Sexual abuse, and the trauma it can cause, may leave a person feeling out of control, angry, frustrated, depressed, or anxious about the future. The psychological impact of abuse can linger for months and even years, preventing them from recovering and achieving success in their life. Unfortunately, sexual abuse is alarmingly common; more than 200,000 cases are reported each year in the United States. However, the majority of incidents go unreported, often out of fear, shame or guilt.
It is estimated that upwards of six in every 10 individuals with a drug abuse problem also have an associated mental health condition. This is known as dual diagnosis or a co-occurring disorder. There’s always a reason people start using drugs, and oftentimes it’s a pre-existing mental condition. It may be something as simple as curiosity that gets the ball rolling, but for some, there is a deeper reason to use drugs. Interestingly, it is a two-way street, as addiction may heighten the risk of developing a mental illness as well.
Alcohol abuse is not always clearly understood by many clients. Many assume only the most extreme habits of alcohol consumption are to be considered alcohol abuse. As such, heavy drinking and other unhealthy drinking habits like binge drinking are often cloaked as “social drinking”. Find out what alcohol abuse is and learn about how we, at Destination Hope, treat it.
The truth is anyone can become an addict whether they are a hero working on the front lines or a teen who succumbs to peer pressure. Risk factors make addiction more likely to take place in some people. It is a combination of biology and environment that make some people more susceptible to addiction.
When caught in the midst of addiction, it can often feel like you are on a roller coaster. The ups and downs are extremely disruptive and difficult to control. For many trapped in the addictive cycle, it can seem nearly impossible to exercise real self-control. Intense emotions in response to any number of situations quickly lead to using again, regardless of how much you may want to stop. It is often this cycle of using, trying to quit, failing, and using again that leads people to seek out professional help in the form of rehabilitation.
Admitting you have a substance abuse problem and seeking treatment takes courage. The ideal treatment option depends on your age, physiology, medical history, and whether you have other pre-existing mental or physical health conditions. Before treatment, you should understand the ABCs of choosing a treatment plan, plus what to expect from your clinician and from yourself. The primary objectives of addiction treatment include education, detoxification, and developing positive coping strategies.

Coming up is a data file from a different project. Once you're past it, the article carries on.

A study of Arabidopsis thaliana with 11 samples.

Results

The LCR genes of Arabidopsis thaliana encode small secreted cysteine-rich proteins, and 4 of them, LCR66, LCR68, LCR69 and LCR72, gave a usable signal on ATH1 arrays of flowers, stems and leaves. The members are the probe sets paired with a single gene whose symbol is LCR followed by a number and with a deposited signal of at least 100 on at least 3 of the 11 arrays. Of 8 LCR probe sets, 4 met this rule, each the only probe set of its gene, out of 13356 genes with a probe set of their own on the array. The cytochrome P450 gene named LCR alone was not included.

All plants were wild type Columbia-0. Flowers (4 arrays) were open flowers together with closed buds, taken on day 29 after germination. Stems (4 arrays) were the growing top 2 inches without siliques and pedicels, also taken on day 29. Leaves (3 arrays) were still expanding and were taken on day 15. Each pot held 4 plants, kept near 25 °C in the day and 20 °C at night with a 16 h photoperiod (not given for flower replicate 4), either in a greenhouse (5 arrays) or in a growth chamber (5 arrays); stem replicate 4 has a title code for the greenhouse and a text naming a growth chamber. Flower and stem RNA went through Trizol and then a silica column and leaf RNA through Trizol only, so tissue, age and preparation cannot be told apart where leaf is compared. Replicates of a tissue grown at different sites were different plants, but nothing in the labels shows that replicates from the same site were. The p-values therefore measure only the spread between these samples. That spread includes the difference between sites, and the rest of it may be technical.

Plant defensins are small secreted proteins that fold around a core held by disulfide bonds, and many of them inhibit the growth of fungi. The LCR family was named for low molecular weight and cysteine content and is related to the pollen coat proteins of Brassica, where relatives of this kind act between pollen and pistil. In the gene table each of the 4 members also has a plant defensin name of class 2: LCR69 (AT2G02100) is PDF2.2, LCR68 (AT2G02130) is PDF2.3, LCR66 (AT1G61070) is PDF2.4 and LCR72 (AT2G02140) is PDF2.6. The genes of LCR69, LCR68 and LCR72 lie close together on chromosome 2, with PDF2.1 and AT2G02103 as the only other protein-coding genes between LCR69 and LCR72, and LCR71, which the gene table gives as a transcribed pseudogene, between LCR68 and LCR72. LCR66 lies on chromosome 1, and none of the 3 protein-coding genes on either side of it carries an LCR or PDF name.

Acute stress disorder (ASD), also called acute stress reaction or shock, is a condition that affects how a person thinks, feels, and responds to traumatic stressors. It arises in response to the experience or witnessing of a painful, terrifying, or emotionally stressful event which could involve the threat of death, actual death, injury or violence. It is estimated that up to 20% of people exposed to traumatic events can develop ASD and up to half of those can develop post-traumatic stress disorder (PTSD) later.
When individuals go into treatment, their friends, co-workers and loved ones have a natural desire to make contact and be supportive. However, some questions and comments are not helpful and can, in fact, have a detrimental effect on the process of recovery. Although you may only be asking out of concern and want the individual to know you care, you should avoid questions that only serve to peel a scab off a wound that is still in the process of healing.
While business begins to return to normal within the next few months, we must continue to be cautious. Though restrictions are slowly lifting from the pandemic, its effects are still coming to be understood. A recent survey conducted by Harvard, Rutgers and a variety of other universities across the nation has found that twenty seven percent of people in the United States are exhibiting signs of moderate to severe depression, three times the amount that showed signs before Coronavirus. As healthcare professionals, this is extremely concerning for us. With a higher rate of depression comes greater risk of self-harm or…
Pain takes many forms including minor aches, temporary bouts of sharp pain, or chronic pain. For those pains beyond the norm, doctors may prescribe medication that is stronger than typical over-the-counter pain relievers. Opioids are a class of prescription painkillers that help blunt severe pain and can be very helpful for those recovering from physical trauma including surgery. Opioids, such as methadone, have also been used to treat those with an opioid addiction. However, using any opioid medication may also carry risks.